Photograph courtesy Michael Grove, Science/AAAS
Published September 8, 2011
Scientists have identified a single gene that allows a caterpillar-brainwashing virus to do its dirty work, a new study says.
The virus forces the "zombie" caterpillars to climb trees, where the invader eventually liquifies its hosts' bodies into a dripping goo. (See "Caterpillar Fungus Making Tibetan Herders Rich.")
"When gypsy moth caterpillars are healthy and happy, they go up into the trees at night to feed on leaves, and then climb back down in the morning to hide [in bark crevices or soil] from predators during the day," said study co-author Kelli Hoover, an entomologist at Penn State University.
But caterpillars infected with a baculovirus—a type of virus that infects invertebrates—are driven to the treetops and reprogrammed to stay there until they meet a doom worthy of a horror film.
"When they are infected, as they get sicker they stay up in the trees and die up there," Hoover explained.
The virus "ends up using just about all of the caterpillar to make more virus, and there are other genes in the virus that then make the caterpillar melt. So it becomes a pool of millions of virus particles that end up dropping onto the foliage below where it can infect other moths that eat those leaves."
Viruses Are Master Manipulators
Though such zombie-making viruses were previously known, their genetics have been a mystery.
So Hoover and colleagues infected gypsy moth caterpillars with half a dozen different types of baculovirus and placed the bugs in tall bottles with food on the bottom. Viruses that the scientists had determined carried a specific gene, called egt, drove caterpillars to climb to the top of the container and stay there to die.
Researchers then removed egt from some viruses, reinfected the caterpillars, and found that the zombie behavior stopped. When the team inserted the gene into a virus that previously lacked it, the zombie behavior returned.
"Somehow or other, using this gene, the virus is able to manipulate the behavior of the caterpillar to go to the right location in the tree to enhance transmission to new hosts. It's really amazing," Hoover said.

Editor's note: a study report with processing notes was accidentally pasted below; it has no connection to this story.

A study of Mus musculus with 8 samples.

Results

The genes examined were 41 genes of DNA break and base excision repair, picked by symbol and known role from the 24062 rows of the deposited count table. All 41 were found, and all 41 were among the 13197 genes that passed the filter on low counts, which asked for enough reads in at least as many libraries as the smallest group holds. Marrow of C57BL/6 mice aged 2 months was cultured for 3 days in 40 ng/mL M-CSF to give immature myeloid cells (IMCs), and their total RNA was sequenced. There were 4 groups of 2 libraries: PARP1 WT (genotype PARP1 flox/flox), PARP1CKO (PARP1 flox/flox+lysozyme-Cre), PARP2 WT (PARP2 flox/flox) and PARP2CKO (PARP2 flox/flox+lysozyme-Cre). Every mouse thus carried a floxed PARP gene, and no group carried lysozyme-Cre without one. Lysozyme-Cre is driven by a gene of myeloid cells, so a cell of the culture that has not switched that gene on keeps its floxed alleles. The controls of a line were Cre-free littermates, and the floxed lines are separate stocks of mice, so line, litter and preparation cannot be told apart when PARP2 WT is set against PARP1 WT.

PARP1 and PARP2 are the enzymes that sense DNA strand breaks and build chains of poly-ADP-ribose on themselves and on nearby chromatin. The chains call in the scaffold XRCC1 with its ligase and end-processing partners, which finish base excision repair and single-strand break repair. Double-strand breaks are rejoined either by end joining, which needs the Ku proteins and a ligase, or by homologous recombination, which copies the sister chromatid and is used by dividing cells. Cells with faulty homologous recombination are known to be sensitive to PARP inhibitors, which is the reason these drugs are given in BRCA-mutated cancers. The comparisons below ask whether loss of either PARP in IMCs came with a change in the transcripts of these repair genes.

The gene may work by deactivating its hosts' molting hormone, according to the study, published tomorrow in the journal Science.
"That would be an advantage to the virus because it keeps the insect in a feeding state, so that they get bigger and bigger and make more and more virus."
Viruses and Moths-Natural Enemies
There are many different types of baculovirus, Hoover said, and almost all caterpillar species are infected by one or more of them.
But the virus, which is naturally occurring, doesn't greatly impact gypsy moths as a species, Hoover said. Gypsy moth populations are prone to cycles of boom and bust, so when caterpillar numbers are in check, the virus remains so as well.
When gypsy moth invasions grow, the virus may go into outbreak mode-serving as a natural control mechanism for caterpillar infestations.
"This virus probably came to North America when the caterpillars did," Hooever explained. "It's just a natural enemy of the gypsy moth."
In the insular world of dogsled racing, the Yukon Quest is considered the world's most difficult event.
A cache of medieval Arab gold coins may already be the largest in the eastern Mediterranean, and there's probably more to come.
Neglect, fear of Islamic State radicals, and conflicts born of ancient animosities are conspiring against a deteriorating synagogue and the tomb of Nahum.
The Future of Food
How do we feed nine billion people by 2050, and how do we do so sustainably?
We've made our magazine's best stories about the future of food available in a free iPad app.